Researchers from Penn State’s College of Medicine have discovered that using sign language in conjunction with intensive speech therapy may provide better results for children with apraxia.
What is Apraxia?
Childhood apraxia occurs when a child has trouble producing individual sounds or words due to the inability of the required muscles to function effectively in a coordinated motion. It is classified as a motor speech disorder. While muscles are involved in the process, it is not caused by paralysis or weakness of the muscles. Rather, it is because the brain has difficulty telling the appropriate muscles to move in the desired way. The tongue, lips, and jaw are not being told what to do effectively, even though they are able to physically perform the movements. Children are typically diagnosed at around age two and a half, and then have the condition confirmed after age three.
In the case study cited by the Penn State researchers, the child was diagnosed at 18 months. This is significantly younger than average and early intervention has long been established as an important component of success in speech therapy. This child was taught sign language as a method of communication as his ability to communicate verbally was developed. This is the first study of its kind to focus exclusively on the use of sign language as an alternative form of communication in conjunction with speech therapy.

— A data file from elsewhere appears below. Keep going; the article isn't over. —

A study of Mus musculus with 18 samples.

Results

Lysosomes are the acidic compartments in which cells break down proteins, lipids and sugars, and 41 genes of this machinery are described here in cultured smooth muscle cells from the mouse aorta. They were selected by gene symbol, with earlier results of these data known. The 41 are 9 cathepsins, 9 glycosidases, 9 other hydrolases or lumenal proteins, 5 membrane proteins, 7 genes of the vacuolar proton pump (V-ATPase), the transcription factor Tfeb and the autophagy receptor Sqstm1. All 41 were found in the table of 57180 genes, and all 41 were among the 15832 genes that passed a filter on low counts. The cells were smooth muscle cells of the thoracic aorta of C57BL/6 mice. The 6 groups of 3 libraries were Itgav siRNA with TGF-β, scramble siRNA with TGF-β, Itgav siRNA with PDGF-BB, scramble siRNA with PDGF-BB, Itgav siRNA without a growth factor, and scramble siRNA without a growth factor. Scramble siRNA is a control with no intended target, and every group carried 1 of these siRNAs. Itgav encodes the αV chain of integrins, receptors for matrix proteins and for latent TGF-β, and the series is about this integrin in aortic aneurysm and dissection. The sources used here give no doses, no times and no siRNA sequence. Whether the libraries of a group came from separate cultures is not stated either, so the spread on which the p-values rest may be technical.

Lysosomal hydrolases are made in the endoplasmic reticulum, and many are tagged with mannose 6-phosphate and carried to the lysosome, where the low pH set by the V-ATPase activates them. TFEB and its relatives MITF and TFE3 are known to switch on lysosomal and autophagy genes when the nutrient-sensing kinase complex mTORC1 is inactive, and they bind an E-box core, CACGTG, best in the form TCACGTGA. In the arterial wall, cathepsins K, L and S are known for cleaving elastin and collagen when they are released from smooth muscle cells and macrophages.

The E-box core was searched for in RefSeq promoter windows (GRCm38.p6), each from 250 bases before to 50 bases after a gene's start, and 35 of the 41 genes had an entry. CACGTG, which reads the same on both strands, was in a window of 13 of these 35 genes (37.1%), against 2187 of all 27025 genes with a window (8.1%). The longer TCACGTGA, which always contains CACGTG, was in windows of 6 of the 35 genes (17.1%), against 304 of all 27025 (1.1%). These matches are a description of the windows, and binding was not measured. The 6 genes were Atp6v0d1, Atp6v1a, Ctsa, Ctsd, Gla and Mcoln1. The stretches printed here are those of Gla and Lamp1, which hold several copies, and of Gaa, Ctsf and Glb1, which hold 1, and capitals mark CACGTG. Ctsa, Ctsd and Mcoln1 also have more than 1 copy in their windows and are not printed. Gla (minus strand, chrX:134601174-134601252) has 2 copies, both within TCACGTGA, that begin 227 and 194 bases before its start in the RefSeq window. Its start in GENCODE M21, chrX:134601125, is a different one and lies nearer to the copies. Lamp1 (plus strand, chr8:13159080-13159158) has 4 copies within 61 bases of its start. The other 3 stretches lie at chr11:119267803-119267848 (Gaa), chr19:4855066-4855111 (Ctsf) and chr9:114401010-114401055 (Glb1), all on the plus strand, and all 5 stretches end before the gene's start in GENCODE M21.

There has been some concern in the medical world that teaching a child with a speech disorder to use sign language would somehow slow their progress in learning to use their voice. However, prior research indicated that it is truly an effective method of reducing frustration and encouraging verbalization.
This patient was given intensive speech therapy to develop muscle control and develop sounds. The mother was given a home program to improve the child’s control of tongue movement. Prior to treatment, he had minimal communication skills. After the treatment, he was able to have conversations with his parents, who were able to understand a majority of what he was saying. As the patient’s verbal abilities increased, he slowly began to discontinue the use of sign language on his own.
Sign Language at Home
The researchers believe that the use of sign language at home was key in the rapid development of the child’s communication skills. Because it was used in conjunction with intensive speech therapy, the child was able to learn to communicate freely with those around him while developing the requisite muscle control to then translate those skills into verbal communication.
The researchers have proposed further studies to better understand the role of early intervention, sign language, and speech therapy in this and other early childhood speech and language disorders. However, there seems to be enough evidence to suggest the inclusion of sign language in the speech therapy regimens of some children going forward.